Are those BitCoins still going to be valid if they haven't been traded in/upgraded to the newer protocols?

I've seen other answers on this site that suggest either that 1) BitCoins will need to be upgraded by a certain block (at the switching of the hash function and protocol, for example, to adapt to any discovered weaknesses) OR 2) that they will forever be valid but that future equipment might be able to steal away those bitcoins (or even generate never-before-seen ones under the older protocols).

1) Would be awful, it seems to me. What if you miss the deadline because you're in a coma and nobody knows to keep your wallet updated?

2) Seems like a danger for a deflationary currency where the older money is easier to counterfeit AND is worth more.

Perhaps I'm just confusing matters of BitCoin, Blocks, and Wallets?

As I understand it, if the first BitCoin ever made had been squirreled away and the currency takes off as a success, the novel and deflationary nature of the currency will make the exchange value of that first BitCoin very high compared to it's initial exchange value.

Over time, weaknesses in the original hash functions may be found and counterfeiting early BitCoin may become practical. And the reward for doing so seems to me that it would be higher than counterfeiting BitCoin of the future-present!

In the physical world, finding a buried treasure of gold or a sack of US dollars has a lot of protections against counterfeiting. I don't know how old of a design of US dollars banks would accept, but I guess that as long as you can do a convincing show of where you found it and forgery experts examine it all different ways and it checks out, they you're entitled to trade up. Gold is pretty easy - can't fool people for too long.

Authenticity of BitCoin is all in the math, so if the technology to forge the math is practical at any point in the assumed infinite future of technological advancements then the forgery would be undetectable.

Due to inflation, an old $20 would get you a lot more than it did today. But then again, I'm assuming that the old $20 and the new $20 are equivalent, once the old $20's authenticity is established. And due to deflation, a BitCoin today will get you a lot less than the equivalent BitCoin in the future.

With inflation, the standard denomination of the future might be $100s or $1,000 or $10,000 ... so a recovered or counterfeit old $20 isn't worth much, and a sack of $10,000 bills from 1960 would be hard to explain!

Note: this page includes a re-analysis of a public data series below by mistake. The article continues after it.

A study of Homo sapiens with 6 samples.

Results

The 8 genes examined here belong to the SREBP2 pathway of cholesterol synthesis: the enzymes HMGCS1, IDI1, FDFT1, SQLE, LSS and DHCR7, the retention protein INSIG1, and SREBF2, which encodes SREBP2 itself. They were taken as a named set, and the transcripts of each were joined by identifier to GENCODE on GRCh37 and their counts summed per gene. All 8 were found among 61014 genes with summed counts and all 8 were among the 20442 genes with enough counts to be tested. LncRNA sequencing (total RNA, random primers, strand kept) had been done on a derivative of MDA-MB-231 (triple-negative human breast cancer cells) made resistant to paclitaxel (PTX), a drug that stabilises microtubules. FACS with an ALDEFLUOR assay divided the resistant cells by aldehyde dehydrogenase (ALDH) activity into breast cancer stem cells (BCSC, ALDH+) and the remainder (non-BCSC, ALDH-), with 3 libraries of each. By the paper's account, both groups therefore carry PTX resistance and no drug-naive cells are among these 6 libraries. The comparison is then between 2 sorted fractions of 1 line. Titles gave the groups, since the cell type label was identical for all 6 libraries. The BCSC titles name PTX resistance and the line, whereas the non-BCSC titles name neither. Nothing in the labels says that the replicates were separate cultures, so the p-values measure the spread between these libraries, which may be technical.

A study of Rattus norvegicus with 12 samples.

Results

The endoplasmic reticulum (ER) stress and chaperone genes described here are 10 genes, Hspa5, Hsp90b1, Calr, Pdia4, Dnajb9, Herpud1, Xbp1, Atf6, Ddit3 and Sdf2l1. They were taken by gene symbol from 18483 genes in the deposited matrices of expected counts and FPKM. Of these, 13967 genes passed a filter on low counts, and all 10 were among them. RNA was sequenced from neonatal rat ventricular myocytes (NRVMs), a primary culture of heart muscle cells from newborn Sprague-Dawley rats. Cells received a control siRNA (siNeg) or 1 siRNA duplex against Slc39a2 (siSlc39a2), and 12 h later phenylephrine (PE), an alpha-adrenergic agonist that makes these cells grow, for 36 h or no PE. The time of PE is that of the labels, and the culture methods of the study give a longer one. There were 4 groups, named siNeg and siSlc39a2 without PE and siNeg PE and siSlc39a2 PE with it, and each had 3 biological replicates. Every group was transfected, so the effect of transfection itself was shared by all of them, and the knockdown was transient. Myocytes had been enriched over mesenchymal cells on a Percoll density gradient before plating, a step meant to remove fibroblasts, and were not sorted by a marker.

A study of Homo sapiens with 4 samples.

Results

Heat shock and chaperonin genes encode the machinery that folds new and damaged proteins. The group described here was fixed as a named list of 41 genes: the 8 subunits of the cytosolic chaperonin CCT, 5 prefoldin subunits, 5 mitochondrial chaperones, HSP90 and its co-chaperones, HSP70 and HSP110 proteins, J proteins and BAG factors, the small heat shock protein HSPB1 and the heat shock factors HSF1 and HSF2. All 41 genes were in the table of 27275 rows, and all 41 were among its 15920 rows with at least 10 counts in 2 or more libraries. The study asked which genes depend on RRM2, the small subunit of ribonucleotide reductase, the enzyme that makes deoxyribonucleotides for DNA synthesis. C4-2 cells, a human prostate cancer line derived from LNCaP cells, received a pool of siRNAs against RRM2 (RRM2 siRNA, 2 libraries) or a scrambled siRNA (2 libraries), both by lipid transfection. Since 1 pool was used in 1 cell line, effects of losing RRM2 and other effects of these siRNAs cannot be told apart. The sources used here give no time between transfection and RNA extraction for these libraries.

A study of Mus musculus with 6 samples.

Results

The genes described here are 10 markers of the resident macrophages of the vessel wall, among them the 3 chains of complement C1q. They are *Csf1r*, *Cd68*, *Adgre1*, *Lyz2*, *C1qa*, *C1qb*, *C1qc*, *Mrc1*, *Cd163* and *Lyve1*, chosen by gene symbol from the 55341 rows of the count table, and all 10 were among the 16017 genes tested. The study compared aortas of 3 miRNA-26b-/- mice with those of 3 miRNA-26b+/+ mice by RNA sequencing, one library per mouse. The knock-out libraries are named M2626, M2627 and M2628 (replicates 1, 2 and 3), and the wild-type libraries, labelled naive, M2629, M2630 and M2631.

With deflation, the standard denominations get smaller, so a counterfeit old BitCoin would be easy to explain and forge.

So we could require that people keep their wallets updated. You mean if I don't keep up with my BitCoin Updates every Tuesday that my bank accounts would be wiped clean? But that seems unacceptable to me - seems that a powerful group could do a lot of damage to a person or a population by somehow disrupting or disallowing access to their wallets. I don't know how that would play out, but it seems plausible that a scheme could be devised if money expires like that.

  • I see a valid question here, but the title should actually ask a question then act like a subject line on an email – technology_is_overrated Feb 28 '13 at 5:55
  • I agree with @makerofthings7 -- rephrase your title as a question. – gosmond Feb 28 '13 at 8:19
  • I don't get why you're talking about counterfeiting. The risk of theft is valid, but there isn't much anybody can do about that. Just pray that Sepc256k1 remains secure. – CodesInChaos Mar 6 '13 at 20:37
  • Well counterfeiting is like mining, except that it's shoehorning in of an old-style bitcoin into the historical chain of transactions. It's the difference between painting a new masterpiece vs faking the discovery of a "previously unseen" Picaso. – Jason Kleban Apr 3 '13 at 12:12
  • I guess if the historical chain is re-signed with ever-modern security then counterfeiting the historical record won't be an option – Jason Kleban Apr 5 '13 at 19:44

  • Bitcoin software is bound to change. It will be adapted to new systems, hardware, and so forth. Expecting a program from now to work 100 years from now is probably not going to happen.

  • Bitcoin protocol probably will change, but the change will be less drastic. For example, block size might get changed. If a protocol changes, it makes software that uses old protocol not able to properly communicate with the network.

  • The last part that needs to be addressed, is whether or not the way bitcoins are "stored" will change. At the moment, everything is handled using secp256k1 ECDSA algorithm. In order to spend bitcoins, one needs to sign a transaction with their private key. The exact specific of what such a transaction might look like is likely to change, but the algorithm itself is very unlikely to change unless some serious threat appears for Bitcoin. At the moment, quantum computers are a thing that might or might not brake that algorithm in the future. If that was to happen, the algorithm would be changed.

In order to be able to access one's bitcoins 100 years from now, one would need to get their hands on a piece of software from that time (pretty easy), that works with the protocol at that time (very easy), and the Bitcoin protocol must still accept ECDSA signatures or at least private keys (unknown).

Provided secp256k1 is still secure in the future, your coins will be yours to claim (unless someone adds an unlikely exception of "coins older than X years cannot be spent").


  • So everyone has to upgrade to an Intel Quantum at the same time or any late adopters have their savings stolen? – Jason Kleban Apr 3 '13 at 12:08

May be things become obsolete, like floppy drives.

What's more important is that hash functions used now may be broken at some point of time. In this case, you will have only hours to react. Or, community may save you through some kind of counter measures.